She's only 6
Bakhita is a six-year-old little child who lives in a small village in the Khashm-El-Girba area in the State of Kassala, in eastern Sudan. She wakes up early in the morning to fetch water for her household. The nearest water source is 5.6km (3.5 miles) from her house. Her house consists of a trellis covered with cloth and cardboard based on the dry tree sticks.
Bakhita has three younger brothers. She does not go to school. Instead, after her morning journey fetching water, she goes panhandling in the outskirts of the village later in the afternoon, asking for food or money from passers-by. Her father is a day laborer. He goes to work very early in the morning and comes back at night with what he could earn from his day-work, whether a bit of money or some food. Sometimes he is absent from home for several days during the agriculture season to reap extra money.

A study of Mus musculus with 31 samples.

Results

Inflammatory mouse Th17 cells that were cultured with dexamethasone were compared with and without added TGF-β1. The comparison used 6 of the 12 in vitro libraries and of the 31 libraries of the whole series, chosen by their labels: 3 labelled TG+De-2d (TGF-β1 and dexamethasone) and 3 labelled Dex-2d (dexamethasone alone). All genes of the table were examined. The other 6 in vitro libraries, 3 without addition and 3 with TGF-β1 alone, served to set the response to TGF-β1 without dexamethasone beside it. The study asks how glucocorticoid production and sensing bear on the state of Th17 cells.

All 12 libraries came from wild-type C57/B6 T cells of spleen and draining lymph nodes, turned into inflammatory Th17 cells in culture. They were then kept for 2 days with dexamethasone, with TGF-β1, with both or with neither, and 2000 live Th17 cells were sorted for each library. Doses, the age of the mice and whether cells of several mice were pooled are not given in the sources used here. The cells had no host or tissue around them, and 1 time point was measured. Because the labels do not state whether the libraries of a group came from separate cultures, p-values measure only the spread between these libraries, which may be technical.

As he walks by every day, Abdallah stands behind the bars of the school fence to watch children of his age, resounding the Sudanese national anthem; he repeats after them and greets the same homeland where he was denied education and deprived of having a home. He laments the life that strained his childhood. His little mind can not comprehend what the boys inside this building might be doing. He sees them play, so he thinks the school is a place to play; He does not know the paper and pen and what they write; he sends us a silent cry! The school uniform captures his heart, rendering him mired in the thought: I wish I were with them; I would have won a great victory!
And as students turn their backs on marching to classes, Abdallah turns his face to the street, embarking on a hope to get a living.